The wide window of planting and excessive rain this season will make determining when to dig peanuts a “field-by-field decision,” says North Carolina's Extension peanut specialist.

Digging peanuts is one of the biggest management decisions farmers make. Too early or too late can cause problems.

“It's a balancing act,” says David Jordan, North Carolina State University Extension peanut specialist.

Managing the balancing act at harvest this season will be particularly important for peanut farmers because of the lateness of the crop, he says.

While much depends on what happens in late August through October, “until you dig them and get them out of the field, anything can happen,” Jordan says.

Excessive rains delayed planting in the spring and will ultimately push back harvest to some degree. “One of the biggest challenges will be deciding when to dig.

“Although we planted late in some instances, we haven't had our typical dry spells that cause breaks in maturity this year,” Jordan says. “I'm thinking that maturity ought to be compact, but too much moisture may have slowed down the growth in some fields. It's been very cloudy during the growing season.”

Peanuts grow indeterminate and underground, making a harvest decision difficult at best. Extension services in peanut states offer harvesting clinics where farmers can bring in a representative sample of a field. Using high-pressure water and glass beads, county agents place peanuts in a cylinder that peels the top layer off the pods to reveal maturity. The color of mesocarp of the peanut pod gives a clue to its maturity.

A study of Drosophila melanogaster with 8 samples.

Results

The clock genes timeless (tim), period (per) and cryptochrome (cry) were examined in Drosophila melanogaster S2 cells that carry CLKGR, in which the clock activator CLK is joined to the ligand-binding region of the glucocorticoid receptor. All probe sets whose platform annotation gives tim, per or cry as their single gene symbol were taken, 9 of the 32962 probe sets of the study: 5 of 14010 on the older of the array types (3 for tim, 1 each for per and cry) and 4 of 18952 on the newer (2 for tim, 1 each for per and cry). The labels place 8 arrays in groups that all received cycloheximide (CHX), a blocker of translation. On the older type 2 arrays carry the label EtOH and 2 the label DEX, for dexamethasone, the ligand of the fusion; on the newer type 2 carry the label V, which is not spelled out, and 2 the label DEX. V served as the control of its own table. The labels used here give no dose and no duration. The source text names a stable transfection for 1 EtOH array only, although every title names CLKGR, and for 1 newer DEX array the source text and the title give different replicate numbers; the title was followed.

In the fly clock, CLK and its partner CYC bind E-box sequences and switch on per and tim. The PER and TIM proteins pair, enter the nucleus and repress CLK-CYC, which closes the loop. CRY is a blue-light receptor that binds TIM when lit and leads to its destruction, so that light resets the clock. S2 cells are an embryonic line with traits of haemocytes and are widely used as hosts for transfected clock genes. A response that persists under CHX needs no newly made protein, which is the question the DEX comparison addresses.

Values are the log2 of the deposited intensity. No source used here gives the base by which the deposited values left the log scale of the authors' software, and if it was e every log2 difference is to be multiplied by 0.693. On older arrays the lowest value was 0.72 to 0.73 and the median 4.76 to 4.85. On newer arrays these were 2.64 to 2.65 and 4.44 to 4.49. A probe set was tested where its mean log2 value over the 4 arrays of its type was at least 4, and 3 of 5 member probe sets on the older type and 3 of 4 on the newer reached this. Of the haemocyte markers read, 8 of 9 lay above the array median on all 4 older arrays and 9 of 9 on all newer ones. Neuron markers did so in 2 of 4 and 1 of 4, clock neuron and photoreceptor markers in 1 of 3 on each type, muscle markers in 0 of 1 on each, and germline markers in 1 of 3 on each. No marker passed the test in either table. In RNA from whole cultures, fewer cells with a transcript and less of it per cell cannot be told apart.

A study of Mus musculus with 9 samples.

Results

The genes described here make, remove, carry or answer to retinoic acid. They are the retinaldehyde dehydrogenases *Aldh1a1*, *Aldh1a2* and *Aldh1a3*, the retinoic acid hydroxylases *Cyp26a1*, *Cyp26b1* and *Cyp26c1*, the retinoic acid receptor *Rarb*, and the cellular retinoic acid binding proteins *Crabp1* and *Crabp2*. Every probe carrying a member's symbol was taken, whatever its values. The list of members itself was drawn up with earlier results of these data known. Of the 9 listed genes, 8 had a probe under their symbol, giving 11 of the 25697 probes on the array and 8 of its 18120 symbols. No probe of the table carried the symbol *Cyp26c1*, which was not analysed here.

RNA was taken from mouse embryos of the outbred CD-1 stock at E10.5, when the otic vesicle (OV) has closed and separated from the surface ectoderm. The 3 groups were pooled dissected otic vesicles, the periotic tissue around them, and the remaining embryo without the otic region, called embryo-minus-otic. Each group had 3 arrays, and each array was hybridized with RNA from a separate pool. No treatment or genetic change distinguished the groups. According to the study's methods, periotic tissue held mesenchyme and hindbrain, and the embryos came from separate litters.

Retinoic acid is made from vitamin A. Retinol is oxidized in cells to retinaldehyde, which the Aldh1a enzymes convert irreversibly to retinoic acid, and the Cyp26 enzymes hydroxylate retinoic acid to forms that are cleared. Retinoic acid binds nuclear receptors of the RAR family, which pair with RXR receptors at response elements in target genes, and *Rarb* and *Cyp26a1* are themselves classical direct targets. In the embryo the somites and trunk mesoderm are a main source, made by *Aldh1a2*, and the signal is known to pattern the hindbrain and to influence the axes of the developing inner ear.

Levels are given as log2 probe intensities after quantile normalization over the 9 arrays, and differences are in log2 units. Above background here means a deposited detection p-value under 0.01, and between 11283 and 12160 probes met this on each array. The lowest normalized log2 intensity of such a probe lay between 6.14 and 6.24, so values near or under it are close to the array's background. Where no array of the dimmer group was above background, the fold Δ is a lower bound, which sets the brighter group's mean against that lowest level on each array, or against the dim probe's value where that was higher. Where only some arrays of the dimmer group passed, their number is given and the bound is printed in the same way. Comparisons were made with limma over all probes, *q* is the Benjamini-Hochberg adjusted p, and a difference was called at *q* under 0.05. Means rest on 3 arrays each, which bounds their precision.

“Not all pods are going to be mature,” Jordan says. “The key is to pick a time to dig based on when the largest number of the sample is mature.”

Grades and yields are at stake if you dig too soon. And you can lose a lot of yield in the field if you wait too long to harvest, Jordan points out.

He's advising growers to bring a sample of 150 pods per field to pod maturity clinics in peanut counties in North Carolina beginning in mid- to late-September. “Pull off the pods that will make it into the trailer after you combine,” Jordan says. “It takes about three minutes to run a sample at the clinic and few more than five minutes to lay it out on a board to determine maturity. The big thing is it tells farmers which fields to go to first.”

Nighttime temperatures in late September and early October in the upper Southeast begin to take a dive into the 60-degrees F range and 70-degrees F range, even though daytime temperatures may be in the mid- to-high 80-degrees F.

“The plants cool down and growing begins to diminish to some degree; this is when it is hard to make up time lost early in the season,” Jordan says.

“Patience at harvest is critical, but no one ever said patience is easy to come by in the fall when the crop is still out there,” Jordan says. “Still, a week can make a big difference in terms of yield and market grades.”